Here's another take on the same-sex marriage controversy: Are you ready for this? Nothing, really, has changed.

I am writing this on Friday night, after the U.S. Court of Appeals in Chicago put a stay on the order allowing same-sex marriages in Indiana. But this column began before the stay was ordered. It seems to me little, if anything, was changed by the order ending the ban on same-sex marriage. Think about it.

Nearly all the opposition to same-sex marriage arises from people with opinions on what the Bible says about marriage: "One man and one woman is to be the standard," they say, and I would agree with that. But marriage is a function of the state, not the church. That may sound shocking but at the end of every wedding ceremony I've attended - or performed - this statement is made, "Now by the authority granted me by the state, I pronounce you man and wife."

That is not just a formality; I challenge you to find a wedding ceremony in the Bible.

True, Jesus performed his first miracle at the wedding in Cana of Galilee but he didn't perform it. There is no "thus saith the Lord" about the form marriage ceremonies should take. The Bible speaks to each of us as Christians and says, this is how you are to act when it comes to sex. The Bible also speaks of the church as the bride of Christ and says Christians are to be faithful to Christ as a wife is to be faithful to her husband and a husband is to be faithful to his wife.

My point is, people behave as they behave regardless of what the state says about the legality of same-sex marriage. It doesn't matter if the state says a couple can be Adam and Eve or Adam and Steve. Nothing will change.

If you are concerned about gay and lesbian weddings, perhaps the place to begin is to be concerned about gay and lesbian activity before you become concerned about wedding ceremonies.

Who knows when the first homosexual act took place between partners of the same sex? Probably not many generations after Adam and Eve. Is homosexuality a sin, according to the Bible? Yes. But so is fornication and adultery, and they have been practiced over the centuries, too.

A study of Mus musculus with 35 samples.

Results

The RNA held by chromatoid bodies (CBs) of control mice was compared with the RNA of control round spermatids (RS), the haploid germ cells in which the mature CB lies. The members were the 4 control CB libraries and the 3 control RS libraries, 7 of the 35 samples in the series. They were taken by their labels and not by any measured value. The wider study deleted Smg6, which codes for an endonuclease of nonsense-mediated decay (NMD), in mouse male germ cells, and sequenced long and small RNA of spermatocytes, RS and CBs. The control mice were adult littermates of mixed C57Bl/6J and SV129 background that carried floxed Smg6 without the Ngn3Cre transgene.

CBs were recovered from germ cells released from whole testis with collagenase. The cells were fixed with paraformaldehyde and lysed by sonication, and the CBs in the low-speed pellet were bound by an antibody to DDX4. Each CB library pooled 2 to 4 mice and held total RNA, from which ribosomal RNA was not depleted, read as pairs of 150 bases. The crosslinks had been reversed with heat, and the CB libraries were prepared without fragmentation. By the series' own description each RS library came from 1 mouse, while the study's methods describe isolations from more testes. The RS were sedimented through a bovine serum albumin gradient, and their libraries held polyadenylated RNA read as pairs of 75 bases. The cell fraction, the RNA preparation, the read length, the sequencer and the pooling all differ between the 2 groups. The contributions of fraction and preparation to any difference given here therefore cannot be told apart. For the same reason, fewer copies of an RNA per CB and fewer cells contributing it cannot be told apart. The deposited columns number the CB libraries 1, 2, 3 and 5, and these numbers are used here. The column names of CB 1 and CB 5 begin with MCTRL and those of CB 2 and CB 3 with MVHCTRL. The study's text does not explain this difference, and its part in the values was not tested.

Will the U.S. courts change the behavior of people? No. The only difference is, people's sexual activities are now more public than ever.

It used to be that only movie stars or others in far off places would "shack up" as we call it today. If a woman got pregnant outside of wedlock, it was considered scandalous.

I am saddened to think that even in Indiana, my home state, marriage licenses have been issued to people of the same sex but you know what - whether those people are legally married or not makes little difference. People will do what people do and laws can't change that.

I really don't want to think about what people do behind closed doors. They make babies, they steal, they scratch themselves, they urinate, they defecate and they have sex and I really don't need to know about it. I don't want to think about most things people do in private. The argument can be made that it's no one's business but theirs.

I do wonder, though, how many people look through the marriage licenses and the applications for divorce we publish regularly in The Paper. I'm betting you read The Paper, looking for the names and faces of people you know. Legalizing same-sex marriages will only serve to confirm what people suspect about the sexual orientation of their neighbors. I guess it could be a good thing. Parents could say, "Stay away from that adult. I don't want you to be influenced by them." But then, a lot of behaviors could cause parents to be alarmed. Check out the police blotter.

Frank Phillips is the Editor of The Paper of Montgomery County.